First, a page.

The Broken Promise of Change



Life is a constant struggle at times because individuals try to reconcile their actual reality for the promise of what is to come.
Relationships inevitably stumble and leave scars all over that can be difficult to deal with it. The signs of these misfortunes can appear in the form of weight loss, weight gain or other physical changes. The other signals happen beneath the surface and are more often than not difficult to decipher.
Resentment, bitterness and pain can look just the same as happiness and euphoria to the untrained eye, but its presence is problematic nonetheless. At times, individuals make excuses for their partners and tolerate their behaviors.
In other instances, the comportment of one will lead to a heated exchange that will shake the foundation of the relationship to its core. Perhaps the issue is what was said or simply the delivery of the message was far too earth-shattering for those involved.
This can manifest itself once in a blue moon, or on every other weekend. Regardless of the frequency, there is often an underlying thought that things will eventually change and get better. Those are the rational thoughts that people cling to in the face of raw emotions with a loved one.
Whether the offending party promises change or not, for whatever reason it becomes expected of them. It’s a fascinating aspect of human behavior. In the quest to eradicate doubt, one will occasionally alter their perception of reality with the hope that things improve.
For instance, an individual sent this question to Meredith Goldstein, a Boston Globe columnist who follows relationship trends and entertainment:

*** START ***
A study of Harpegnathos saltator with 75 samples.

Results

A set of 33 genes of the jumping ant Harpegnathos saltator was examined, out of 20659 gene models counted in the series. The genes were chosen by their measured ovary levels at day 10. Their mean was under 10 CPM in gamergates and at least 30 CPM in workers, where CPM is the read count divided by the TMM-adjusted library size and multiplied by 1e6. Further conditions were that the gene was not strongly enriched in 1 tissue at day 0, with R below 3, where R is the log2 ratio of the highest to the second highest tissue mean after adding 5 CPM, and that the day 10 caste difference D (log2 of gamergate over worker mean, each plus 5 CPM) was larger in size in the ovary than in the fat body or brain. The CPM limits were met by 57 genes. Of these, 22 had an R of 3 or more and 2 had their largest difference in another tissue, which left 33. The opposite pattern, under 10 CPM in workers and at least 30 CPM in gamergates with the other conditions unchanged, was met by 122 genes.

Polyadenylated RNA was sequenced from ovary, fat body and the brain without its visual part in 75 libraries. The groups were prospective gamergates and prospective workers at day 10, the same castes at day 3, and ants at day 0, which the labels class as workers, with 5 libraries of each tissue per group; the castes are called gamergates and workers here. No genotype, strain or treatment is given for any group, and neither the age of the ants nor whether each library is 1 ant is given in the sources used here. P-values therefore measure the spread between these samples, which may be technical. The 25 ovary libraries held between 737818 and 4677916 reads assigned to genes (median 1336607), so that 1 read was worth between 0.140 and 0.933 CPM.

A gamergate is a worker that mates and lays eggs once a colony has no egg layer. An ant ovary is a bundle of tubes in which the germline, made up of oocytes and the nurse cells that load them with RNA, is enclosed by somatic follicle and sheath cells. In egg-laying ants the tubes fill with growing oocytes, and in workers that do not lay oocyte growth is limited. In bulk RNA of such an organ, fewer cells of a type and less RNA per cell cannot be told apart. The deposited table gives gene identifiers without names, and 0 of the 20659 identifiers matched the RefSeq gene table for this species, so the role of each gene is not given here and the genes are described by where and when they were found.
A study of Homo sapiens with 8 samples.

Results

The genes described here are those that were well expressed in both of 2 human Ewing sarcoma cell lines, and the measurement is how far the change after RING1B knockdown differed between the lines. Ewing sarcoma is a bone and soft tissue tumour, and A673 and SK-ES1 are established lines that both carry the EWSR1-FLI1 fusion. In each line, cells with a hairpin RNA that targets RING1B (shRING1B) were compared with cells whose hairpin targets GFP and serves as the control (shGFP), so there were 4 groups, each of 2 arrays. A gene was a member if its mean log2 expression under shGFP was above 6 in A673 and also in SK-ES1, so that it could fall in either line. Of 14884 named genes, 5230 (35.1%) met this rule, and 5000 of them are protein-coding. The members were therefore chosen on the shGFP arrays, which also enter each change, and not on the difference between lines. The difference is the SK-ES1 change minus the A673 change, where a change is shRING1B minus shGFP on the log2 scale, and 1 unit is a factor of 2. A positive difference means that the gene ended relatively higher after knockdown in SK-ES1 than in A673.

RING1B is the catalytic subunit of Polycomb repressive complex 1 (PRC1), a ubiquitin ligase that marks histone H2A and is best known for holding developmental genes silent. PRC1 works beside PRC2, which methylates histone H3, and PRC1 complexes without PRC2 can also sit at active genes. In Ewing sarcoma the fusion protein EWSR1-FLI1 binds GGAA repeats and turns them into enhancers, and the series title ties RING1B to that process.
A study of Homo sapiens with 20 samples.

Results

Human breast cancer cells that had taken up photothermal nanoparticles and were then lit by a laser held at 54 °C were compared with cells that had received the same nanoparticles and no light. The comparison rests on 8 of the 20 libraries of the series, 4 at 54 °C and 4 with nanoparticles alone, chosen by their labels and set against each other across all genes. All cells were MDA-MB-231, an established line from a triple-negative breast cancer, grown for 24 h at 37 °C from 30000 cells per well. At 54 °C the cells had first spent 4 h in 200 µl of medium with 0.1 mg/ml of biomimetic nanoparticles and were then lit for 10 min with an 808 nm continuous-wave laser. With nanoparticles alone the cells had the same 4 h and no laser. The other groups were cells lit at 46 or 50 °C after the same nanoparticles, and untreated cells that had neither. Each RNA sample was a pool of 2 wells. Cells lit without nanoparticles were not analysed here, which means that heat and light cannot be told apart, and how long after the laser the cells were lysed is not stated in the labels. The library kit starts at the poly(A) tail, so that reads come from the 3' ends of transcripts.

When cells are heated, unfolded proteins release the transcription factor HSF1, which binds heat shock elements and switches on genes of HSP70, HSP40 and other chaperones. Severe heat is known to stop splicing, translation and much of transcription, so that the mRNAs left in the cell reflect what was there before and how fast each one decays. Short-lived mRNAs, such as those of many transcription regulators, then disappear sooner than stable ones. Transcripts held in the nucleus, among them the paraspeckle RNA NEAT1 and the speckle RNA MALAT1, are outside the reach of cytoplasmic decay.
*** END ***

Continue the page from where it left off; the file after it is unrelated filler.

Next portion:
“Even though my gut feeling tells me to dump her, something within me thinks she has changed. She has confessed to a crazy past (being boy crazy, always getting drunk). Do people change?”
Goldstein responded:
“People change and grow up over time, but they can't be transformed into someone entirely new. This woman flirts, flights, and lies. If she's been that way from the start, that's just who she is, at least for right now, and right now is what counts.”
This partly explains how certain people remain in bad relationships for prolonged periods of time. This happens to both sexes, but for the most part, the expectation is that it will occur to women.
Noted author Valerie Frankel shared in her book The Girlfriend Curse:
Women get into a relationship hoping a man will change, and he never does; men get into a relationship hoping the woman don't change, but she always does. Men want their partners to be consistent. That they won't make impromptu impossible demands nor baffle him with classically female sudden-onset hysterical behavior.
In a way, this speaks to the “truths” that we choose to believe as individuals. A faction of society prefers to believe that their partner will change and cope better with the needs of the relationship regardless of how unlikely it is. To be fair, some people do change and evolve over the course of their partnership.
Those signs are usually visible over a stretched-out period of time whereas an individual unwilling to conform has displayed their resolve on this front on countless occasions.
This has prompted me to come up with this saying: “this isn’t just your relationship today, this is your relationship for the rest of your life.” It might sound a bit dramatic and over the top, but it certainly holds some truth to it.
A person that has refused to change in their relationship after a couple of years will probably not change for the better later on. The case of Jody (portrayed by Tyrese Gibson) in Baby Boy is far-reaching isolated one. And heck, that required an attempted sexual assault and a murder for him to stop taking his talents to every bedroom in South Central Los Angeles (I know it’s a movie but still).
Life is what you make it and the same can be said about one’s relationship. Do not leave it to chance, because then you’re playing the lottery with your heart. And well, how many people win the lotto?